Accuracy. All I ask for in historical fiction is historical accuracy.
Ok that is not all I ask for. Style. Believable, human characters that aren’t caricatures. Good dialogue.
But I do want accuracy too.
Even if it states the novel is a fictionalised account and the author is taking liberties with people and events, there still has to be accuracy.
Or even believability. One character lives in the country and has an extensive vegetable plot (of which we got a bit of a purple prose description). But she nearly starves in winter and has to burn her furniture for fire wood! She hides in the forest but can’t collect wood? Her sister hides food in the basement of the barn but she can’t get it? A country woman who doesn’t make tonnes of preserves or lays down root vegetables? (My mother was a child in rural Germany in the war. I have tried to encourage her to write a blog on her memories. It would be an antidote to this drivel.)
“No antibiotics for her daughter” the character bemoans. But during WWII antibiotics were limited to military. GPs didn’t prescribe them to the public. I can’t believe they were available in a small rural village in France. It may be a small detail but lots of small details such as these accumulate.
It is up there with the shot down British airman walking around Paris. OK, the Allies did bomb Paris, largely the industrial areas but if a plane had been downed in Paris it would have been noticed and an airman in full kit wouldn’t have been able to walk around Paris, let alone hide under a bush by the side of the street opposite German soldiers sitting in a cafe. And, if the bomber was on the way to Germany, the flight paths wouldn’t have been over Paris. Has the author looked at a map of Europe?
So no accuracy then!
What about style?
Well if you like similes, you’ll be right. The following are all from a few pages:
- roses tumbled like laughter along the ancient stone wall
- The [attic] stairs unfold from the ceiling like a gentleman extending his hand.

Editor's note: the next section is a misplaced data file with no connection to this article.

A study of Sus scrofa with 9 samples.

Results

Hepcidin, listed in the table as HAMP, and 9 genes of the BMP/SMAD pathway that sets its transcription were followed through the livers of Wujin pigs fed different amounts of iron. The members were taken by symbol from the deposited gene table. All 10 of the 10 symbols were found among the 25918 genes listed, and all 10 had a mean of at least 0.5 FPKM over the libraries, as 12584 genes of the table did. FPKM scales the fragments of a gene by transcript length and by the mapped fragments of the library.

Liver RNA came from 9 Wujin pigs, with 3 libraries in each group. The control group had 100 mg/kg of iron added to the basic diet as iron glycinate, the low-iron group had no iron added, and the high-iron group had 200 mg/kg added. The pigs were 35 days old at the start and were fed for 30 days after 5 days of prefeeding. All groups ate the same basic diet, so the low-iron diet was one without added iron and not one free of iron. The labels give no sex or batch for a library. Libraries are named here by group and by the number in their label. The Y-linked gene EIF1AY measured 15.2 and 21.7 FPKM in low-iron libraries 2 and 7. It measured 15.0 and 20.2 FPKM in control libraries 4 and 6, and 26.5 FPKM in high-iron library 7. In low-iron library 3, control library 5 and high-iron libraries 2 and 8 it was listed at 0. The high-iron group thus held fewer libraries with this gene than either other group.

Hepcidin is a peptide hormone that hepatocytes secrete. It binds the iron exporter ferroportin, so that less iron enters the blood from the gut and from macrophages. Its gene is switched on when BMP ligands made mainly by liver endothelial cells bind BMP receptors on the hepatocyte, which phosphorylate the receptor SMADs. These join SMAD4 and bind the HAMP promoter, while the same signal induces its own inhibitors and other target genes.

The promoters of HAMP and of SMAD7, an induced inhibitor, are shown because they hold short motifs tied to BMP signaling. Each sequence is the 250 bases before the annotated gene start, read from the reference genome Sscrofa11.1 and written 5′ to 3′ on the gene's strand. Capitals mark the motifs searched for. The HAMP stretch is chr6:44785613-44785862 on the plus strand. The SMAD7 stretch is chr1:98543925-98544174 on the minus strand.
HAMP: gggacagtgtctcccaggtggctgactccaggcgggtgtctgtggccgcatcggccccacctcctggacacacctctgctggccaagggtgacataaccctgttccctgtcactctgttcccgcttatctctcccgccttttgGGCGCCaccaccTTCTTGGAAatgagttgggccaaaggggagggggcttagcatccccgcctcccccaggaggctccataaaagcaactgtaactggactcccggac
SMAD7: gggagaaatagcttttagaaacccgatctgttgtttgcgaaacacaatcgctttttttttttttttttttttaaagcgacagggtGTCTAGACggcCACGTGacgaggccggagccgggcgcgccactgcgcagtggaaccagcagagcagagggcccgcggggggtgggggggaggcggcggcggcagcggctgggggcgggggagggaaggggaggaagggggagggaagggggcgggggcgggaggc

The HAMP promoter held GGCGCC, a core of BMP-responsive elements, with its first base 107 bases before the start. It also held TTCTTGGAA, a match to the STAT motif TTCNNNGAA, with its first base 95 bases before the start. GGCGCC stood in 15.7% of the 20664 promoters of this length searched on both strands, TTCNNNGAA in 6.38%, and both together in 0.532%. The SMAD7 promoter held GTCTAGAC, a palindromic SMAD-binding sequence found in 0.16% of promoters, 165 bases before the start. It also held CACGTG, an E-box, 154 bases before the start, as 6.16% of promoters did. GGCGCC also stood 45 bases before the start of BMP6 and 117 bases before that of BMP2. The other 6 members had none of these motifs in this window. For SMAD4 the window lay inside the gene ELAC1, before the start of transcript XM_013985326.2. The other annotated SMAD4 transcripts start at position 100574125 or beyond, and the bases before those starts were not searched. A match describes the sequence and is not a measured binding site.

- A tall thin woman with a nose like a water spigot
- Father dropped off his daughter like soiled laundry
The best account of this novel comes from a Goodreads reviewer.
And when you think the sudden dropping in of historical facts couldn’t get worse you have this, coming after the character has been tortured and imprisoned by the Gestapo, seen her father shot by the SS, herded on a cattle train with other women and children, transported without water and marched into a “prison camp” she suddenly remembers.
A woman who was in the resistance, who helped Allied airmen escape! She didn’t “remember” this before? She didn’t think of it? Or know it?
I get it. The author is writing for an audience who probably knows nothing of WWII but why present the info so stupidly?
Yes, I learnt some interesting things about Vichie France, the Resistance, Allied bombings of France, the lack of preparation of the French government for German invasion. But more because I googled Vichie France than from the novel. Of course, that’s a positive that the novel has provoked some further reading and that I learnt things. I always like learning new things.
As it turns out, the author probably used Wikipedia too. It certainly reads like she did.
Look, it’s not as bad as all that. Just after All the Light We Cannot See, I just wanted this book to be better. And if you don’t know much or anything about WWII, it would be an exciting tale.
The ending is very emotional. I teared up. So the novel must have done something to affect me so, and not in a manipulative manner.
I also think part of the problem was the manner in which I read it – an electronic version on my iPhone. Not pleasant on the eyes and not easy to skim if you feel like skipping along.
I would be interested if some of my blogging friends who are readers would give this a go and see alternate views. The book’s a best seller, some people have said its their favourite read of the year and it is being made into a movie.
Maybe I’m just a literary snob!
Edited to add: here’s a interesting read: From the Daily Mail. I wonder if this was Hannah’s inspiration. I might investigate this book.